Hi everyone,

So my family's dog Lucy (1 year 9 months beagle/pitbull) destroyed a Christmas gift that my mom was going to give to her friend today. I had the day off and was out of the house for 90 minutes. I came home and opened the door and Lucy ran towards me with her tail between her legs. She knows she isn't supposed to do this stuff. We have had gifts sitting under the tree for a few weeks and she's never touched them before, so we thought she wasn't interested. 90+% of the time she doesn't do anything. She's a very loving, playful and high-energy dog. Still we don't like coming home every few weeks to find something ripped apart. We always close doors in the house so she can't get in there. She has free reign over the kitchen and living room area though. Basically, anything that isn't high off the ground is what she likes to get. She has gone after books, shoes, TV remotes, DVDs, stupid decorations that my mom buys, fake plants, rugs, her own bed and other things.

So I would like to know how to stop Lucy from destroying things. We would prefer to not have to put her back in a crate again. We kept her in a crate when she was a puppy but stopped in when she got older and stopped chewing things as much. Here's a picture of Lucy.

 

Thank you Jeff. Lucy has a toybox in the living room and she does take them out when she wants us to play with her (she'll bring it to you, it's cute). I don't understand why she won't play with them while we're gone though.
 

it's time to take her out on long runs or bike rides... exercise does wonders for a dog's demeanor.
+2, exercise & getting out and sniffing around will also do well for a dog's separation anxiety.

They are pack animals and being alone doesn't fit their natural behavior. So you gotta feed the personality when you are there. :thumbsup:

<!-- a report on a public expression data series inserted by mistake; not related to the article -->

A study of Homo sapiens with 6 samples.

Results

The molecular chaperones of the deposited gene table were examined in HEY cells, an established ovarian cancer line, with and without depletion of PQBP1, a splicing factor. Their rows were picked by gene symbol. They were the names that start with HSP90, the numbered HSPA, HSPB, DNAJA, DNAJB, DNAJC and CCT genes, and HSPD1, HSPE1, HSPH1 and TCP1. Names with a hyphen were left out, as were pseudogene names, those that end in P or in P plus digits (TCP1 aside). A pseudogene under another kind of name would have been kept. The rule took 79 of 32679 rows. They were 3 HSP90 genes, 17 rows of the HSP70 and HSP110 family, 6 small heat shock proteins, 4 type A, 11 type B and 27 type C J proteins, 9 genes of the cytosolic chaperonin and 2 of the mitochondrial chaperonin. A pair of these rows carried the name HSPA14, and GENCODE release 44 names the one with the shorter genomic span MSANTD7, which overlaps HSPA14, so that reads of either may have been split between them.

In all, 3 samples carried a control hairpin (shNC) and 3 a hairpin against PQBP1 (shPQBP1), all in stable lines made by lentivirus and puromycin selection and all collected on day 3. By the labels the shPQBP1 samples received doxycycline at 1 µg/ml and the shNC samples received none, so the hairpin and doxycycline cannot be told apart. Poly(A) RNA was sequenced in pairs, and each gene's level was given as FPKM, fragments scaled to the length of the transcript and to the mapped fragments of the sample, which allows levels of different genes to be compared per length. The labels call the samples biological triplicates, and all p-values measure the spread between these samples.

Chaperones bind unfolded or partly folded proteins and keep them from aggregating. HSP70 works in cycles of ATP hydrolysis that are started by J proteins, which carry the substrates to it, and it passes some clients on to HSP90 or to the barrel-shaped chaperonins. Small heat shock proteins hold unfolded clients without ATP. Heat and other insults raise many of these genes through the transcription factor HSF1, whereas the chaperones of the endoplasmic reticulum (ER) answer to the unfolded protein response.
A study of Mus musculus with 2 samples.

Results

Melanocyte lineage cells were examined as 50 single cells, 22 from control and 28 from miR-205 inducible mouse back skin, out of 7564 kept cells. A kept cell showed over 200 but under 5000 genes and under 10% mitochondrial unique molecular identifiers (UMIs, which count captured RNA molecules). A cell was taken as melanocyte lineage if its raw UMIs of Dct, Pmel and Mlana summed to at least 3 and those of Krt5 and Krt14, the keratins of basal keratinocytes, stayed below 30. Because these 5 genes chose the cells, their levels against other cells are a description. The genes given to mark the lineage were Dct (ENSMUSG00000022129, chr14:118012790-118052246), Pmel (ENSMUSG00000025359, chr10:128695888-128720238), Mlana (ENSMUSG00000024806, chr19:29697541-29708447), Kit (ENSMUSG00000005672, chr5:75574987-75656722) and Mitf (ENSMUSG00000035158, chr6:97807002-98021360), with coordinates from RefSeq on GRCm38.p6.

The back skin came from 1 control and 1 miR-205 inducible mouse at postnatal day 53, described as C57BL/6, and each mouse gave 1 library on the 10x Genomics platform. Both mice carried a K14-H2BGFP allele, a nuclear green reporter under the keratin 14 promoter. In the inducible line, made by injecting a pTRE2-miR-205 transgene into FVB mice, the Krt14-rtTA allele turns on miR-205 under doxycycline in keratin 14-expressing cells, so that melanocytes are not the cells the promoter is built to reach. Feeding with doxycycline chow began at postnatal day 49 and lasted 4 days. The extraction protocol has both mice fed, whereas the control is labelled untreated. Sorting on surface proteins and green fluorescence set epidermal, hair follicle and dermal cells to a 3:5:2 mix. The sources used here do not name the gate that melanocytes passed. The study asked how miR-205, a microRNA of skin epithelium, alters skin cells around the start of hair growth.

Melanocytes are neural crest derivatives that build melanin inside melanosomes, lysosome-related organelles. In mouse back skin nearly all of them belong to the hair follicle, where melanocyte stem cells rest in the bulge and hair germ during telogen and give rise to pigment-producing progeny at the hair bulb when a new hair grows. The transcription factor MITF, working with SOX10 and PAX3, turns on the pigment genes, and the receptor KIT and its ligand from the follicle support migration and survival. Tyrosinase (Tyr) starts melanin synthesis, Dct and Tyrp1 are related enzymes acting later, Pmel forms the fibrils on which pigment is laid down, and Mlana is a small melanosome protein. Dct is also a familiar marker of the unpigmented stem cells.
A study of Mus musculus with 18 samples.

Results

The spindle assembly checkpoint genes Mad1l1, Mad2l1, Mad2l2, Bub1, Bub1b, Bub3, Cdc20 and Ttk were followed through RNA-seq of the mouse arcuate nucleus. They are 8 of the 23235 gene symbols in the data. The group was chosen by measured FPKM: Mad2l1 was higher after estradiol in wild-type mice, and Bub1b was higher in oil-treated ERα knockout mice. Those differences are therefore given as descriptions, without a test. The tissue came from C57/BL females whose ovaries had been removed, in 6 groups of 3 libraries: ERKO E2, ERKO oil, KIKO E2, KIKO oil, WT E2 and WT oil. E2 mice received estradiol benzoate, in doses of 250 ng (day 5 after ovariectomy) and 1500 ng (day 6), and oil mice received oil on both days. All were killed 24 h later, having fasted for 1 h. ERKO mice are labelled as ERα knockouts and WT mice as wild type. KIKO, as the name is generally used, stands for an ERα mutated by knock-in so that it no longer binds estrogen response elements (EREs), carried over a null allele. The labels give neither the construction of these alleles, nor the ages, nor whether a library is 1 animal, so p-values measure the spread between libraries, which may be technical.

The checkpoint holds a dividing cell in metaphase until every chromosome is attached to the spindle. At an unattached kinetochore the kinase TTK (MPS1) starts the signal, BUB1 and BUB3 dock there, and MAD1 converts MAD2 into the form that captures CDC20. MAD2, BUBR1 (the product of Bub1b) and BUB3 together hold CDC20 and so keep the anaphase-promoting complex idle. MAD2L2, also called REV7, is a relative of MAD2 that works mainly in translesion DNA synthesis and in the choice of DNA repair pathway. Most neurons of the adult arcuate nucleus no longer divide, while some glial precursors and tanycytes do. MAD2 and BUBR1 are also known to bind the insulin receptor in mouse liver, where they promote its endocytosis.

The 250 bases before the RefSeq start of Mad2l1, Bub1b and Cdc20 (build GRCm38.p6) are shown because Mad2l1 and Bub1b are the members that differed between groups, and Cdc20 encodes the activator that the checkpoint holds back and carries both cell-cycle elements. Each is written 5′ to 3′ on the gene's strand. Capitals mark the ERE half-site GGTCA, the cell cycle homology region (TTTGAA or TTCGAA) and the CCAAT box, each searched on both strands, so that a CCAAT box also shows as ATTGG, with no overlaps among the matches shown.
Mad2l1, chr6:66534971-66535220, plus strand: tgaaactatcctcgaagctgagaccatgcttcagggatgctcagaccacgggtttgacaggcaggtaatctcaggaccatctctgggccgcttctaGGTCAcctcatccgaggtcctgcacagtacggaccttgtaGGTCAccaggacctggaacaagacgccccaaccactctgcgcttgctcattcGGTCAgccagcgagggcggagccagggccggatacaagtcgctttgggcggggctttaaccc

P
 


We've had 2 cats for a while. My wife got Abby from the shelter and she was fine by herself. Annabel came and ran inside my apartment on very cold morning and just moved in. We had them both for a while, then found out Abby had feline leukemia. When she died, Annabel turned into a very bad kitty. Destroyed things and wouldn't play with her toys. The vet told us to wait a little while and test Annabel again for feline leukemia before getting another pet. One day, the vet called and told us a kitten was left in a box at the office and wanted to know if we wanted it. With having 2 cats, they are now both well behaved.

Edit: Cats can't go biking with you. I wish I could have a dog, but the landlord has a 2 pet maximum. :(
 


anyway not that she was a bad chewer...actually that was the only (non chew toy) thing that shes ever chewed

+2 on the excercise, i make sure to take her on the bike in nicer weather, or just a walk now that theres snow and ice and its below zero
 

Mr.P said:
+2, exercise & getting out and sniffing around will also do well for a dog's separation anxiety.

They are pack animals and being alone doesn't fit their natural behavior. So you gotta feed the personality when you are there. :thumbsup:

P
We (dad and I) take her on a few walks most days (probably a total of 2 hours or so). Today I took her for a short walk before I left the house. She gets a lot of attention and playtime when everyone is home too. Thank you all for the suggestions.
 

We (dad and I) take her on a few walks most days (probably a total of 2 hours or so). Today I took her for a short walk before I left the house. She gets a lot of attention and playtime when everyone is home too. Thank you all for the suggestions.
How often does she get to run and really burn off energy?
 


spazzy said:
my dog chewed through an extension cord once (just messing around pulling it aroudn then WAM YELP YELP YELP)...man she hasnt chewed anything since

anyway not that she was a bad chewer...actually that was the only (non chew toy) thing that shes ever chewed

+2 on the excercise, i make sure to take her on the bike in nicer weather, or just a walk now that theres snow and ice and its below zero
My first yellow lab did the same thing. If it wasn't in her bowl or out of someone hand she did not chew it. Even her rawhides. She would push them up to us with her nose but would not chew them until we picked them up aand handed them to her. She was a great dog.
 

 

 

We have had gifts sitting under the tree for a few weeks
There's your problem, that's basically asking for it with a dog, especially a 9mo old one.
 


I'll *nth tiring him out and not tempting him with items at his level, especially if there are smells associated with them or they make noise if he nudges them. He'll learn pretty quickly, so just be glad he doesn't chew up pillows, sofa cushions or car interiors.